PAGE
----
The Madwoman of Chaillot
At N.E. Mutual Hall through Aug. 10 and again Aug. 19-24
In Thieves' Carnival three weeks ago we heard Lord Edgard say to his wife, "I've been reading The Times." "The same as yesterday?" asked Lady Hurf. "Not the same copy as yesterday," he replied. This week we have the pleasure of watching the grand and zany lady who has been reading the same copy of the same newspaper every day for decades and is dutifully shocked each morning on reading the same obituary.
The lady is, of course, Countess Aurelia--the title personage of Jean Giraudoux's The Madwoman of Chaillot (La folle de Chaillot). Giraudoux wrote three versions of this play shortly before he died in 1944. Had he lived longer he could not have improved it much; indeed, the mad tea party is absolutely perfect. He never wrote a greater play, and only his Electre can perhaps equal it.
This fantasy is whacky and funny, but it is also soundly based on reason and a serious philosophical outlook--in this respect resembling Thornton Wilder's Skin of Our Teeth. It is certainly destined to become a theatre classic.
The play is a satire, partly poetic, about greed and worshippers of the Golden Calf. A group of men want to drill for oil right under Paris in order to wage a destructive war. The countess and her cohorts find a way of trying them in absentia by proxy, and she then "exterminates" them (how I will not reveal).
The Countess is not alone in her madness. She has three mad colleagues, and is surrounded by a large number of lesser persons all of whom have a few screws loose. In fact, every single character in the play seems to be mad in at least one way. The point is, though, that it's the war-bent men who are really mad; the Countess and her entourage may be completely crazy in a lot of small matters, but they are quite sane in things that count. The Countess not only is able to get rid of the malefactors, but she knows how to create happiness and how to restore a would-be suicide's love of life.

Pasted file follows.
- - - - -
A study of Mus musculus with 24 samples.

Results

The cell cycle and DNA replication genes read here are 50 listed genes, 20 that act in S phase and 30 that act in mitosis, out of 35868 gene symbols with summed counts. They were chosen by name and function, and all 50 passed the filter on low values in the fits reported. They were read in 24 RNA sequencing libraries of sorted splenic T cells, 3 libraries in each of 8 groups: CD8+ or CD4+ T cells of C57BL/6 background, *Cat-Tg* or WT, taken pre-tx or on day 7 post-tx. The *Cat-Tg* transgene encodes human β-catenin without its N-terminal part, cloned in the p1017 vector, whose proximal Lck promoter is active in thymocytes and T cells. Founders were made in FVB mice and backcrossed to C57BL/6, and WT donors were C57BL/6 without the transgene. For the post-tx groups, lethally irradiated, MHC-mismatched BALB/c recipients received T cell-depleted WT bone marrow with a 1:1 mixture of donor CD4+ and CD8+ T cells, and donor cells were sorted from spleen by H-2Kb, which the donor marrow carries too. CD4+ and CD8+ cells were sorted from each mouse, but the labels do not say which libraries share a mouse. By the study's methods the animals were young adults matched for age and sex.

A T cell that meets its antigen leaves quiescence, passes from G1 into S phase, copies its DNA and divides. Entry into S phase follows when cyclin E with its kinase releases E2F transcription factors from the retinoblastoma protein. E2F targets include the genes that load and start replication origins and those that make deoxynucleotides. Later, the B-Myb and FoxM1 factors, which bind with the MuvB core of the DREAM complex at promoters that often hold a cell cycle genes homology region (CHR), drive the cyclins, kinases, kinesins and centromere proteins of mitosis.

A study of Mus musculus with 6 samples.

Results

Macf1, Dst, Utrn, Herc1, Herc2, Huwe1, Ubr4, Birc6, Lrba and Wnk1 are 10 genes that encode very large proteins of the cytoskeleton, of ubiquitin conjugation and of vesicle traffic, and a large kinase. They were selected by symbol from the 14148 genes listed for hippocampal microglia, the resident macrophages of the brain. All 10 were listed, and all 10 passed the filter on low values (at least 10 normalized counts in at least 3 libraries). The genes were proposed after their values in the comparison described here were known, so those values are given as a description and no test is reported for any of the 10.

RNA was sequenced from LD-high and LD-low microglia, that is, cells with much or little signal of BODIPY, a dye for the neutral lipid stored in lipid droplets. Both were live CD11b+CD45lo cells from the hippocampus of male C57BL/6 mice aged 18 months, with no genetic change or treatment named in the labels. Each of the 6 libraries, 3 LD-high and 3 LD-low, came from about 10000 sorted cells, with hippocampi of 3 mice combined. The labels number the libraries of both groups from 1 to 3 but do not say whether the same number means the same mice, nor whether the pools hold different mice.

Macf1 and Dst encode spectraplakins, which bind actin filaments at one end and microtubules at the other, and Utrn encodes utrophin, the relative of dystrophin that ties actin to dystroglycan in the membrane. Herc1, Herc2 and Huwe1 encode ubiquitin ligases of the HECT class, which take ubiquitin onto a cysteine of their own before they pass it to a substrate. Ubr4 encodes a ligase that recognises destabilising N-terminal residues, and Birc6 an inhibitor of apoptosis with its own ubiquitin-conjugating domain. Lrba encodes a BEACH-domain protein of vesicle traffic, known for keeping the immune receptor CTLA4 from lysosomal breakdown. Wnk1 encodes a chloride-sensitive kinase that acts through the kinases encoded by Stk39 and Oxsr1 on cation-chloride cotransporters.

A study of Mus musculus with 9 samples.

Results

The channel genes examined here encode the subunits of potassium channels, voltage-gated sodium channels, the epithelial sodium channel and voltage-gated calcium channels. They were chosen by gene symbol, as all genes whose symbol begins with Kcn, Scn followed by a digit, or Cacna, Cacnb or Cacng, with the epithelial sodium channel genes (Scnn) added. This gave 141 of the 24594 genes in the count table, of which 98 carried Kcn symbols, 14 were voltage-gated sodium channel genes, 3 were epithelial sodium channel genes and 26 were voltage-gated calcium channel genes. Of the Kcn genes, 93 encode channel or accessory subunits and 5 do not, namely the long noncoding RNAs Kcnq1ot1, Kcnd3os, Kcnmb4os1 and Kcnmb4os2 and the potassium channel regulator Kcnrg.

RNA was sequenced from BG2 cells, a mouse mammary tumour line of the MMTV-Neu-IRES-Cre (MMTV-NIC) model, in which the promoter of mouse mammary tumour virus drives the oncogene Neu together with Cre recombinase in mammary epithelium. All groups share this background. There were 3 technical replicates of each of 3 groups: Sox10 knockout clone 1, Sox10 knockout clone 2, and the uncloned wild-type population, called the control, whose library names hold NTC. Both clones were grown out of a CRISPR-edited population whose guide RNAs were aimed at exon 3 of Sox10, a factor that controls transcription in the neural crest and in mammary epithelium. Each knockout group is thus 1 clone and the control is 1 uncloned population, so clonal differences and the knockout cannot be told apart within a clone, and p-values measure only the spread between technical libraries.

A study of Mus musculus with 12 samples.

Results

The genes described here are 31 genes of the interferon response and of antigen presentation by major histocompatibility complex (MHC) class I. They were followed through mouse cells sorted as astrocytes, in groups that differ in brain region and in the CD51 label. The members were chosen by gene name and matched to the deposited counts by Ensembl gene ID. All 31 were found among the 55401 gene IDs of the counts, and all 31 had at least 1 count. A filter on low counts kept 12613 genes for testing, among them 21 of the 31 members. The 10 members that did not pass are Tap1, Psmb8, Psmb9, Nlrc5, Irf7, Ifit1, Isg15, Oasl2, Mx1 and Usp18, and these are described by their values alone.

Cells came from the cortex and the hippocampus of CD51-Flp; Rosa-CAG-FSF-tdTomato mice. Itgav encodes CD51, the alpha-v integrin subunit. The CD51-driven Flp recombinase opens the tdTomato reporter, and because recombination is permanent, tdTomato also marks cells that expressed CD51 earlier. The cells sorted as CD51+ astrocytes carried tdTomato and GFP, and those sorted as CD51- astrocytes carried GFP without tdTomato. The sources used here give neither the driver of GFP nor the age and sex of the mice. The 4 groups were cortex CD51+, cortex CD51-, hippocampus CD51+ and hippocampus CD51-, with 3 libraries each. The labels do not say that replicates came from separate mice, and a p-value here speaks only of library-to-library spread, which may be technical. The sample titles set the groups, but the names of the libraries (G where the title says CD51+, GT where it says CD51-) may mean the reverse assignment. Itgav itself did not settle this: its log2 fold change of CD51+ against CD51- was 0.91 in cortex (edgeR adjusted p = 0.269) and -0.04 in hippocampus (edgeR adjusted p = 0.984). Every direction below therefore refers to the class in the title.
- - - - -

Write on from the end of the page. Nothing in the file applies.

Giraudoux's dialogue is dazzlingly witty, and one side-splitting line follows another. The style survives Maurice Valency's translation very well indeed and Warren Enters has staged the work admirably. On opening night some of the cast had trouble with a few lines, but all should be running smoothly by now.
The title role is a virtuoso vehicle for a magnificent actress. Florence Reed is just such an actress. With close to 60 years of stage experience, she knows all the tricks in the book--and this role demands a great many of them. She has a full, rich voice and knows how to underline it with a straightening of the shoulders or a toss of the head. And there is her famous deep-throated chuckle that has almost become a trademark. No other actress is her superior in the ability to project perfectly from fortissimo to pianissimo. Though rather short in stature, she is still a grande dame and sails through the role with positively reginal imperiousness and dignity. She reigns in more ways than one, even if the Countess does think that all men's names change every hour on the hour.
Estelle Winwood recreates delightfully her original fluttery Broadway portrayal of Mme. Constance, the Madwoman of Passy, who keeps an imaginary pet dog and won't open her door unless a caller knocks twice and meows thrice. Maureen Hurley is amusing as the chaste Mlle. Gabrielle, the Madwoman of St. Sulpice, who hears voices in her sewing-machine and hot-water bottle. And Adele Thane brings the vigor of Margaret Rutherford to Mme. Josephine, the Madwoman of La Concorde, who still goes every day to wait for Woodrow Wilson.
Melville Cooper, Jack Hollander and Guy Sorel have the proper slickness for the evil president, prospector and baron. The large number of supporting roles provide several fine vignettes: Tom Bosley does fine double duty as the double-talking broker and the sad, flower-loving sewer man; Ned Murphy actually plays the guitar as the street-singer who knows only the first two lines of his song; and Lance Cunard is a comic Dr. Jadin, who believes that "as the foot goes, so goes the man."
Special praise is due Alvin Epstein for another in his series of memorable characterizations. Here he is the rag-picker, who claims the world is no longer happy because it has been taken over by a thousand kinds of pimp. He looks marvelously seedy, with three hats on his head at once and an umbrella that has lost almost all but its ribs; and he is most compelling in his big scene in the second act.
This production is splendid theatre. Anyone who does not leave it a better person and has not been thoroughly entertained in the process is obviously mad.